Few countries stage more frequent, more realistic and more wide-ranging emergency-preparedness drills than Israel, a place where yet another war or more terrorist attacks are all but certain.

In previous years, I have seen heart-pounding simulations of a nationwide emergency response to a smallpox attack and a radiological bomb. Last month, authorities staged a dramatic preparedness exercise where the scenario flowed from a fictional airplane crashing into a residential area, causing hundreds of casualties -- all simulated. This so-called Mega Mass Casualty Incident, the type of disaster that occurs without warning, exceeding the capabilities of a single municipality or region, tests the limits of medical, security and other emergency systems.

Some would call the drills alarmist, but disasters of this scale have occurred many times, in the United States on 9/11, in the London bombings of 2005 and the Madrid attacks of 2004 among them.

As Dr. Amir Blumenfeld, who spent past eight months preparing this exercise said, "You need to be prepared in advance. You cannot just wait to react when the event happens."

Emergency officials from dozens of countries, who were in Israel to attend the emergency preparedness conference, IPRED, observed the exercise with rapt attention. The simulation was strikingly realistic. It started in a repurposed former military base in central Israel, not far from Ben Gurion, the country's main airport.



Secondary explosions struck repeatedly, adding to the cacophony of the disaster, with the constant wailing of ambulances and other emergency vehicles arriving in an endless stream.

Before long, workers from the Magen David Adom, Israel's version of the Red Cross, started rushing in, removing the wounded and the dead. Police, firefighters, even journalists started appearing. It was a scene of seeming chaos, but behind it personnel from a host of agencies followed protocols developed over years of planning, drills and real-life disasters. Hundreds of casualties received attention, with medics performing triage and providing basic medical care before evacuations.

Israel's Home Front Command, the civil defense authority from the Israel Defense Forces, took charge. The IDF's Medical Corps took its positions, and command posts were set up to coordinate the operations, keeping track of emergency vehicles, available hospital beds, road closures and other logistical elements.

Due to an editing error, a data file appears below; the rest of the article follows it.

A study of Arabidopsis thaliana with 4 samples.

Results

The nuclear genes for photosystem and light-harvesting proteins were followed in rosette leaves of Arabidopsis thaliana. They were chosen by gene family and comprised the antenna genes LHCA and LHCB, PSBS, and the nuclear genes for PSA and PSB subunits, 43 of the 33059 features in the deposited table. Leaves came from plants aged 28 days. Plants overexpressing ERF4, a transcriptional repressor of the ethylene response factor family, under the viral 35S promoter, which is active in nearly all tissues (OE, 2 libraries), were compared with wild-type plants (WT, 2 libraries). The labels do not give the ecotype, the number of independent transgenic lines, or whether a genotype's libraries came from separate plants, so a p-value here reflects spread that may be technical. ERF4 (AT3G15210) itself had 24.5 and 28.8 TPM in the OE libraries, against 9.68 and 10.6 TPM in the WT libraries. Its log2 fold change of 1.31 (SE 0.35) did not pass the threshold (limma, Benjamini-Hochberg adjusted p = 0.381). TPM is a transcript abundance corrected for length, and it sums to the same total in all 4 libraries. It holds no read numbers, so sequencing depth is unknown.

Officials updated the media and hospitals in the area received word they should prepare for large numbers of casualties.

At the disaster scene, helicopters arrived to help evacuations and nearby key roads were closed, open only to emergency vehicles. Not far from the simulated crash, Israel's Tel Hashomer Hospital, the largest in the country, activated its emergency protocols, as well. Elective surgeries would have to be canceled and some existing patients evacuated to other hospitals.

Stretchers lined up at the emergency entrance to the hospital, and each ambulance was met by a team trained to make a quick assessment of the patients' condition, raising a flag of a different color indicating the urgency of the case and tagging patients with the triage color indicating the urgency -- red, yellow, green -- or black when patients died en route or were beyond help.

Information services for relatives looking for missing loved ones also went into action, staffed by social workers trained to provide psychosocial support for people experiencing enormous stress, even if they were not at the site of the disaster.

The exercise itself is just one part of the drill. Afterward, a painstaking evaluation of the performance of each element will be assessed and graded and the plans adjusted to reflect the lessons learned.

Major drills occur regularly in Israel, often involving large sections of the civilian population. A few months ago, the Home Front Command staged a nationwide five-day drill to prepare the population for a massive missile attack, including non-conventional rockets such as chemical, biological and nuclear-tipped missiles.

Observers frequently remark on the seriousness with which everyone participates. That is hardly surprising. In 2006, thousands of rockets were fired at Israel by Hezbollah from Lebanon. Arsenals are now restocked. In Syria, radicals both sides of the civil war vow to attack Israel after they finish fighting one another. And rockets from Hamas-controlled Gaza were launched at Israel as recently as this week.

Organizers hope the lessons will never have to be put into practice, but everyone knows why drills are necessary.

Frida Ghitis writes about global affairs for The Miami Herald. Contact her at fjghitis@gmail.com.